Cerberus Fossae East of the Head of Athabasca Valles
NASA/JPL/UArizona
Cerberus Fossae East of the Head of Athabasca Valles
ESP_016216_1900  Science Theme: Volcanic Processes
This image shows part of Cerberus Fossae, a long system of extensional (normal) faults arranged in trough-bounding (graben-bounding) pairs. Cerberus Fossae served as the source of a large volcanic eruption that draped Athabasca Valles in lava.

Large boulders that have been dislodged from the graben walls are visible on the floor of Cerberus Fossae. The first subimage shows an example of an approximately 6 meter (20 feet) boulder that left a distinct track as it moved downhill. Although this track is quite clear, ripples inside the track are discernable, indicating that enough time has passed for wind activity to rework loose material into the form of ripples. With close examination of this observation, one can see many boulder tracks, some with ripples and some without ripples.

Wind streaks emanating from impact craters are visible on the plains surrounding Cerberus Fossae. The second subimage shows a false color image of an approximately 33 meters (108 feet) impact crater. Material on the crater floor (blue in the color image) is being moved by the wind out of the crater and across the plains. The wind streaks in this observation indicate that the predominant wind direction in this region is from East to West.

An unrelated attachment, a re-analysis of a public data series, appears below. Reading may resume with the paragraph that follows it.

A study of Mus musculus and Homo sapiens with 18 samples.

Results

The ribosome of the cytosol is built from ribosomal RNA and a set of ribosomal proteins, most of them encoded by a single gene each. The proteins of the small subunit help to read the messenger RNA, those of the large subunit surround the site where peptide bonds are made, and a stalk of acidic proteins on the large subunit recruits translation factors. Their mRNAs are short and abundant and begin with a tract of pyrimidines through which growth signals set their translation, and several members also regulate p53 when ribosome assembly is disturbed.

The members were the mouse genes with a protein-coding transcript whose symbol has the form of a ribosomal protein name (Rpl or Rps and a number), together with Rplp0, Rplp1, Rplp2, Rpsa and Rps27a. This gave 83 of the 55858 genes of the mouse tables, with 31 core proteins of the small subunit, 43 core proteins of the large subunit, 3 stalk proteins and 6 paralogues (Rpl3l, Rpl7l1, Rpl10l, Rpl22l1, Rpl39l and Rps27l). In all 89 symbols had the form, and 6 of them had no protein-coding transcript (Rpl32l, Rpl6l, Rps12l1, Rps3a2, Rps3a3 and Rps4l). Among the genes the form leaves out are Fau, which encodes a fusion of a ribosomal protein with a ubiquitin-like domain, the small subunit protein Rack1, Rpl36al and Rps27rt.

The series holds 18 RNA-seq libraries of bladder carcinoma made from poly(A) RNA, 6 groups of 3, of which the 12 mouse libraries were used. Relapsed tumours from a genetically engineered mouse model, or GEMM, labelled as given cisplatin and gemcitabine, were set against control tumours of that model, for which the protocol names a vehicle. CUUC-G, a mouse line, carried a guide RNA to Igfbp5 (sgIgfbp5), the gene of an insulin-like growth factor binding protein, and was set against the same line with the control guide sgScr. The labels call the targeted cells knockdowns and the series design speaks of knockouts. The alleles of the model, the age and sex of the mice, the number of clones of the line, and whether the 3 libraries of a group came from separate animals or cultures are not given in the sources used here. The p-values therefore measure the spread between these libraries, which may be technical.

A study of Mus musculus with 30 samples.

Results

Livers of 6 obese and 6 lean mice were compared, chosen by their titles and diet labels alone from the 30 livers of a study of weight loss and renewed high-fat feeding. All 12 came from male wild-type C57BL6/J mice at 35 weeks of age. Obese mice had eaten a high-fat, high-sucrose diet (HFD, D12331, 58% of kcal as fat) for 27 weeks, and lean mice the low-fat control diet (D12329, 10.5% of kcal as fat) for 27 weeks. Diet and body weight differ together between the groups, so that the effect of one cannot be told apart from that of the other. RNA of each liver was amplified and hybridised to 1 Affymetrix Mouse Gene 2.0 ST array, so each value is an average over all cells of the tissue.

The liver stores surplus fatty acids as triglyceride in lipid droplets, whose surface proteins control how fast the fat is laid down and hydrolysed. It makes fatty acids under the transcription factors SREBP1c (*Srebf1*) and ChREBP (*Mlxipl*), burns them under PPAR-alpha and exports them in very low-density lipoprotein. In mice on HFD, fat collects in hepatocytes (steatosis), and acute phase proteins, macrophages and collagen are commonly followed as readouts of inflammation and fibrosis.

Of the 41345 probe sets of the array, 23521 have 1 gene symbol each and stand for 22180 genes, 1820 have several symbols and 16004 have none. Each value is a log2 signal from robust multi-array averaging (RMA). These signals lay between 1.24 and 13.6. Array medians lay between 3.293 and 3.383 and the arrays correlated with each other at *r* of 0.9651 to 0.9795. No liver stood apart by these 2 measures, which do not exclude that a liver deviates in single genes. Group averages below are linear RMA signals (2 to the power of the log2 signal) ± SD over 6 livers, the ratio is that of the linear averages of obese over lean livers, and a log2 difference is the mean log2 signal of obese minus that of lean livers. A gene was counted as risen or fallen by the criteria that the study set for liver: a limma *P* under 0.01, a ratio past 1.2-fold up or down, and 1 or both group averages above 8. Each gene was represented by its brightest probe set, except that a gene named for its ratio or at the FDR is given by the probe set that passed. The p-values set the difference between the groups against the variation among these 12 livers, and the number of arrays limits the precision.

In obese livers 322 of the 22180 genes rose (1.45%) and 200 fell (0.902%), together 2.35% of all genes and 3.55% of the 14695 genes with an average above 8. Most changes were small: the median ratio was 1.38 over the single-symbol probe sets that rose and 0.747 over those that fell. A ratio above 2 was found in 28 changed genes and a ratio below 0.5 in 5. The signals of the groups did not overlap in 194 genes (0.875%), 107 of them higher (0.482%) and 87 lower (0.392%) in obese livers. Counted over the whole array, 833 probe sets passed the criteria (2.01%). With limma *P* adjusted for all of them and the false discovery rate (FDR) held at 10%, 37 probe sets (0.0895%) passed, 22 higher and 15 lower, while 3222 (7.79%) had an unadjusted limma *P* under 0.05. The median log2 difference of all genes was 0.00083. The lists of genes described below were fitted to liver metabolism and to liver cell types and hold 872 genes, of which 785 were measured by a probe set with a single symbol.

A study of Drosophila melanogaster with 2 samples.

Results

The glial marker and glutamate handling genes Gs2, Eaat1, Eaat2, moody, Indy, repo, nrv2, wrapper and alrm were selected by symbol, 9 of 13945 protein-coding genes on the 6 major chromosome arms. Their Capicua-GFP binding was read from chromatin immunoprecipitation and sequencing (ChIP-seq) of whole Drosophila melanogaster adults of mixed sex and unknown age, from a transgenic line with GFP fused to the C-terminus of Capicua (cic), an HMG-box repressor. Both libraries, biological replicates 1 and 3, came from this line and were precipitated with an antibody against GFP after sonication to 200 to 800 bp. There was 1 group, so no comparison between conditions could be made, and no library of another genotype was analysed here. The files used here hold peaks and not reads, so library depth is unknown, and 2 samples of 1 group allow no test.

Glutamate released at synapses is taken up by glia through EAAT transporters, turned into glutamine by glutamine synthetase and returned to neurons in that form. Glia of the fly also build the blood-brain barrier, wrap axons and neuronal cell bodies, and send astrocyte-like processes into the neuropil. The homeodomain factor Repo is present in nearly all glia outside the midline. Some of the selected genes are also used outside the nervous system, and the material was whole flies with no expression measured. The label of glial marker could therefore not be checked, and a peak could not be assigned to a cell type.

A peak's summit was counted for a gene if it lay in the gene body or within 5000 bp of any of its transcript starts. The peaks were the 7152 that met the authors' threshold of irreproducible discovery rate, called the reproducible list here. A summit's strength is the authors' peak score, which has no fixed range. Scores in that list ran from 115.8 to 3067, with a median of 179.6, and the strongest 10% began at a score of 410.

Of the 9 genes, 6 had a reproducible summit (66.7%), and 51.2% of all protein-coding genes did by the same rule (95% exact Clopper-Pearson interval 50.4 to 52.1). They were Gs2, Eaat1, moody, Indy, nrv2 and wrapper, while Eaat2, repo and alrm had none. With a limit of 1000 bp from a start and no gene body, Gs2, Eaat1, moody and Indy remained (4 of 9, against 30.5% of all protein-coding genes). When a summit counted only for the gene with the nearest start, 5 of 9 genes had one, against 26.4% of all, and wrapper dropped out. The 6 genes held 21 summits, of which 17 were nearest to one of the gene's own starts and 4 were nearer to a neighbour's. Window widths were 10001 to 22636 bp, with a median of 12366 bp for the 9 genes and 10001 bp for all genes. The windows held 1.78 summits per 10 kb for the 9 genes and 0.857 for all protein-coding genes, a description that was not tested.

Written by: Anjani Polit  (10 March 2010)
 
Acquisition date
11 January 2010

Local Mars time
14:49

Latitude (centered)
9.874°

Longitude (East)
158.257°

Spacecraft altitude
275.5 km (171.2 miles)

Original image scale range
27.9 cm/pixel (with 1 x 1 binning) so objects ~84 cm across are resolved

Map projected scale
25 cm/pixel and North is up

Map projection
Equirectangular

Emission angle
9.0°

Phase angle
33.1°

Solar incidence angle
42°, with the Sun about 48° above the horizon

Solar longitude
36.2°, Northern Spring

For non-map projected images
North azimuth:  97°
Sub-solar azimuth:  16.3°
NASA’s Jet Propulsion Laboratory, a division of the California Institute of Technology in Pasadena, Calif., manages the Mars Reconnaissance Orbiter for NASA’s Science Mission Directorate, Washington. The HiRISE camera was built by Ball Aerospace and Technology Corporation and is operated by the University of Arizona.